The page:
In its unpublished opinion filed on May 2, 2017, the Court of Appeals of North Carolina (“North Carolina Appellate Court”) held that the trial judge did not commit error in refusing to allow the plaintiff’s biomedical engineering expert, who was not a licensed medical provider, from testifying with regard to causation in a medical malpractice case involving the injuries suffered by the baby during delivery due to the mechanical forces applied to the baby’s body during the delivery.
The North Carolina medical malpractice plaintiffs alleged that on March 14, 2007, while the plaintiff was undergoing a prolonged delivery of her baby in the hospital, the baby’s head was delivered but the delivery was complicated by shoulder dystocia. For two minutes, two of the North Carolina medical malpractice defendants made several unsuccessful attempts to deliver the body of the baby, which was finally successfully delivered but the newborn’s head had significant molding with caput/bruising with excoriation, and also had bruising of the face, lips and chest near the left nipple area, and also there was no movement noted in the left arm.
On August 15, 2007, the baby was diagnosed with a brachial plexus palsy and Horner’s syndrome on the left side, requiring brachial plexus exploration, neurolysis and nerve grafting surgery with a clavicular osteotomy that was performed on September 4, 2007. A nerve avulsion at C6 and a partial nerve avulsion at C7 were observed at the time of surgery.
The plaintiffs brought their North Carolina birth injury lawsuit against various defendants. On September 3, 2015, the North Carolina medical malpractice jury returned its verdict in favor of defendants, and judgment was entered on September 17, 2015, from which the plaintiffs appealed.
The plaintiffs argued on appeal that the trial judge had committed reversible error when he precluded the plaintiff’s expert in biomedical engineering and the assessment of forces employed in the management of shoulder dystocia from testifying as to causation during trial. The trial judge held that the proffered expert could not render an opinion on medical causation in this case because he did not have medical training.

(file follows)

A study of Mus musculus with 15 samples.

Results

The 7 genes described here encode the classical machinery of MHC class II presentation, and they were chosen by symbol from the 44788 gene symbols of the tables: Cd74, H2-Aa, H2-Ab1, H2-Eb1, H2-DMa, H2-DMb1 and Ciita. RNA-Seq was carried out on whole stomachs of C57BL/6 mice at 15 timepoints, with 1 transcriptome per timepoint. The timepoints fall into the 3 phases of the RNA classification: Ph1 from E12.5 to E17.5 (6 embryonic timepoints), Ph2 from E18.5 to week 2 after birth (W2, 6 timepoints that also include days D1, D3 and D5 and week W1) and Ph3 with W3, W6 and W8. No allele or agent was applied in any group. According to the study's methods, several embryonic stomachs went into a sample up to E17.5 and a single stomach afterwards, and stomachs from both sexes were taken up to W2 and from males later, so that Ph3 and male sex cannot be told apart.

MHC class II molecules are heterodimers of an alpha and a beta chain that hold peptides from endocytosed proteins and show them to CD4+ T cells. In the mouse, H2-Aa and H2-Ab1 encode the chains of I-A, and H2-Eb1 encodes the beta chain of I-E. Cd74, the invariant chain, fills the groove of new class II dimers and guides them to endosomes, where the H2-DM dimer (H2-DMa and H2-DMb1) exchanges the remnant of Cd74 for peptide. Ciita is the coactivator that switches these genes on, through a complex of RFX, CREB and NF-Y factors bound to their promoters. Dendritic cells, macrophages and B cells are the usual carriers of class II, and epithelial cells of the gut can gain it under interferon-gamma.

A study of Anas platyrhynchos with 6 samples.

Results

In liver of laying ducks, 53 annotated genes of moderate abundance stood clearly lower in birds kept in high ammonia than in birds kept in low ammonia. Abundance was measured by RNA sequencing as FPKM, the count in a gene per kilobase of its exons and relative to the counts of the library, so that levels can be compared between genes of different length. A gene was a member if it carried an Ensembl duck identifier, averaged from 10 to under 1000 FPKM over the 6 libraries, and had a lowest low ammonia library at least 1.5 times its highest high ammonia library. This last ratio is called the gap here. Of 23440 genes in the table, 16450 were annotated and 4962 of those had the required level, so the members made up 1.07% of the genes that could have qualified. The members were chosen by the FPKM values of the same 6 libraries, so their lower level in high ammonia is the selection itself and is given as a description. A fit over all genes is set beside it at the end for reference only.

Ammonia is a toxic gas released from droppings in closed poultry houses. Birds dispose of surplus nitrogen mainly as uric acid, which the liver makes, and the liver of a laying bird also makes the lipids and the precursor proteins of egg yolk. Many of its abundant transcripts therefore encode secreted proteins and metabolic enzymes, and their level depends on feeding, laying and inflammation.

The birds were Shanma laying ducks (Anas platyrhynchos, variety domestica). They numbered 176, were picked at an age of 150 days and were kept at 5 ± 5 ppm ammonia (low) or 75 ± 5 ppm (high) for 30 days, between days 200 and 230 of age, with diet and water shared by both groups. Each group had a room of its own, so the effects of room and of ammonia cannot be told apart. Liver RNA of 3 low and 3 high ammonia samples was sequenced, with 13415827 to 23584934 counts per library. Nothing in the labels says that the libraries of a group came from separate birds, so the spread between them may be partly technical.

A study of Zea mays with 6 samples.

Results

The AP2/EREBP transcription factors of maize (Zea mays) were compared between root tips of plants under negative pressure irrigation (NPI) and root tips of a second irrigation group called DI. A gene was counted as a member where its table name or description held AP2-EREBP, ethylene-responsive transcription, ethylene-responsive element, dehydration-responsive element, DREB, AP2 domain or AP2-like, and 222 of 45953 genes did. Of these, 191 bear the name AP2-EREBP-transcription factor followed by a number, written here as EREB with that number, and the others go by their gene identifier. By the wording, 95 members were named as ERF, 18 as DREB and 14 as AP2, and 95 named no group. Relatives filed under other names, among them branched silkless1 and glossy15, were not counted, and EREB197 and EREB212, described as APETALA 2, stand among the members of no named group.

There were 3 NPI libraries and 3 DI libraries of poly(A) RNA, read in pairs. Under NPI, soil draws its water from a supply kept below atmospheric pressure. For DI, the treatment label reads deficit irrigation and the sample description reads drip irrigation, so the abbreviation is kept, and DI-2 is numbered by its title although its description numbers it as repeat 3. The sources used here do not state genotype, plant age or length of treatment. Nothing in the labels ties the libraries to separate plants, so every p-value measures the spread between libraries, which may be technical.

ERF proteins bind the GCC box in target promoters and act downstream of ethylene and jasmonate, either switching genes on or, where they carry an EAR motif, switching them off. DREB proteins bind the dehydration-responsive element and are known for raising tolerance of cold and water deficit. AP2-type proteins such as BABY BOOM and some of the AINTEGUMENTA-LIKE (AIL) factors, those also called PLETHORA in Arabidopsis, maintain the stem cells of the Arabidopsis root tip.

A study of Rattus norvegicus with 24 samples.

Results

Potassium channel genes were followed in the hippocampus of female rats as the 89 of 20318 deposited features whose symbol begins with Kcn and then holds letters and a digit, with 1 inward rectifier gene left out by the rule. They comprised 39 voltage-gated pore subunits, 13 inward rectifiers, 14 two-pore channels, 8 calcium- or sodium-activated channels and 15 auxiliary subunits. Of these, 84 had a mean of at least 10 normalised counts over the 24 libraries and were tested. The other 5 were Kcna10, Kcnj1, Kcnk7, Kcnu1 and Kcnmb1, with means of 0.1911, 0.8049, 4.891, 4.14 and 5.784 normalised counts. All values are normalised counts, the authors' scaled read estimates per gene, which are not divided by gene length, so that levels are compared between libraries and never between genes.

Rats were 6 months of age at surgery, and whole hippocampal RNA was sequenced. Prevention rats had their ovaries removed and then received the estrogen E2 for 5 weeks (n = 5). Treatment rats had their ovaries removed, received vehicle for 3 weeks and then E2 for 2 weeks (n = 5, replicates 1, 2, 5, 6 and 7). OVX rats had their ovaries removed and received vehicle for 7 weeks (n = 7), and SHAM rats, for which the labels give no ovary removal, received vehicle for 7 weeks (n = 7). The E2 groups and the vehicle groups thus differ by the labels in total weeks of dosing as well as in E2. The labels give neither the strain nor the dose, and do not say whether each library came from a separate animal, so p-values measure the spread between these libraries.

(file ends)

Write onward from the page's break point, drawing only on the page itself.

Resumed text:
The North Carolina Appellate Court noted that the plaintiff’s biomedical engineering expert stated during voir dire that he is not a medical doctor but has a Ph.D. in engineering; has never delivered a baby; has never been in a delivery room where a live shoulder dystocia event has occurred; has never measured the forces during a live birth where a permanent shoulder dystocia or permanent brachial plexus injury has occurred; was not qualified to offer any medical opinions; and was not qualified to offer standard of care opinions.
The North Carolina Appellate Court held that the plaintiffs’ expert “had no medical training or clinical experience. He was not a healthcare provider. He had never delivered a baby, never been in a delivery room where a live shoulder dystocia event had occurred, and had never measured the forces during a live birth where a permanent shoulder dystocia or permanent brachial plexus injury had occurred. Accordingly, we hold that the trial court did not abuse its discretion by excluding causation testimony from [the expert].”
Source Wilson v. Ashley Women’s Ctr., P.A., No. COA16-1004
If you or your baby suffered a birth injury during labor and/or delivery in North Carolina or elsewhere in the United States, you should promptly find a birth injury lawyer in your state who may investigate your birth injury claim for you and represent you and your child in a birth injury case, if appropriate.